Jack Frost nipping at your nose…
‘Tis the season for chestnuts and most of you can find some in your local grocery store. Chestnuts grew wild in the American northeast until about 150 years ago when a fungus brought over from Asian chestnut trees spread quickly across the Appalachian Mountain range where wild chestnuts made up one quarter of all the trees in the forests.
We lost a wonderful wild food source with those chestnut trees, full of protein, calcium, vitamin C, copper and manganese. Many growers around the U.S. have worked hard to bring back a fungus-resistant American chestnut. You can order those chestnuts online, but much of what you see in the store still comes from outside the U.S.
Like most nuts, chestnuts come in their own packaging, so they travel very well. Growers have to wait until they fall from the trees so they don’t get harvested too early. When buying them, check for freshness by squeezing them. The nuts should be firm with no give between the shell and the nut.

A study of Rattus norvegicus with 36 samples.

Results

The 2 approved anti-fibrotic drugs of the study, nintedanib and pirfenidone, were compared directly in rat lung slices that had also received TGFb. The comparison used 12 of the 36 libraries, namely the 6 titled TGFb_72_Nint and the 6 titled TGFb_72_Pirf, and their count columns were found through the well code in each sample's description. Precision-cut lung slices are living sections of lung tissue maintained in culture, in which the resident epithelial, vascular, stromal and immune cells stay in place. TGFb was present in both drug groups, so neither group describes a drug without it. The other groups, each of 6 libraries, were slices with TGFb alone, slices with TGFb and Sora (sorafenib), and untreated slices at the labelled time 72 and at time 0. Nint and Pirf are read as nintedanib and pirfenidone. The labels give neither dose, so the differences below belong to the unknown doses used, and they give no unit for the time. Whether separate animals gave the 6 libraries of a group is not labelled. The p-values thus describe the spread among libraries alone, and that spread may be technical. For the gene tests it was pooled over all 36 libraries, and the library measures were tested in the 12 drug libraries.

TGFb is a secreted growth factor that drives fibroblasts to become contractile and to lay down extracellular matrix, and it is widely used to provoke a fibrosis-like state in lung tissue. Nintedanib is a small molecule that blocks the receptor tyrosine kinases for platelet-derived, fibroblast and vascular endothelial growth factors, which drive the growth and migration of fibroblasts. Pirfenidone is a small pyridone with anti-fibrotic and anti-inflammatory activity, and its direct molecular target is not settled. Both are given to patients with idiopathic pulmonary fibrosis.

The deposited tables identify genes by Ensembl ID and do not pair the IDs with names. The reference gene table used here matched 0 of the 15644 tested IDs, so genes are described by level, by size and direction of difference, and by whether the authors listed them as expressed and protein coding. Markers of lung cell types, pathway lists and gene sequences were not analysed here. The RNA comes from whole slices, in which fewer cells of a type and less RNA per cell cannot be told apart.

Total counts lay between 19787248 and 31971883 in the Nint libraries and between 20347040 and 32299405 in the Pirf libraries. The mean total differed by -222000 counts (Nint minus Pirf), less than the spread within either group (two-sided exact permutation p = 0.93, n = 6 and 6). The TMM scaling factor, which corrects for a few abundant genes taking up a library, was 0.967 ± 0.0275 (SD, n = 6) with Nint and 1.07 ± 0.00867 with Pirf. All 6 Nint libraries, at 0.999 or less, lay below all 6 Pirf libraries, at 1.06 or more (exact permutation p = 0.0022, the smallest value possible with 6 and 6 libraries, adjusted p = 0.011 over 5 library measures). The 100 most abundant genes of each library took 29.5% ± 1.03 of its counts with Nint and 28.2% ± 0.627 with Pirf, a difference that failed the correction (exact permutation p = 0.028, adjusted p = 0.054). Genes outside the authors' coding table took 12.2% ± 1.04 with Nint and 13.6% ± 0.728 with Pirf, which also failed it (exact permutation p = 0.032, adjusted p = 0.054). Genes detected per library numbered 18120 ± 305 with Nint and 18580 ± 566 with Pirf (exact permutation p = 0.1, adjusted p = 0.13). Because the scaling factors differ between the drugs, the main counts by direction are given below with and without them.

When you get them home put them in a bowl in the sunshine to “cure.” Squeeze them every day and when you can feel a little give between the nut and the shell – get ready for a seasonal treat.
Cut a cross in each nut with a sharp knife to prevent the nuts from bursting while cooking. Put a handful or two on a pan in the toaster oven and “roast” at 375 degrees for 20-25 minutes. Let them cool just a little bit. They peel much better when warm, which makes them a perfect treat for warming up cold hands after spending time outside in cold weather.
Uncured fresh chestnuts keep well in the refrigerator for weeks. You can also freeze them. When curing, take care not to let them dry out. Usually chestnuts “cure” in 2-3 days without refrigeration.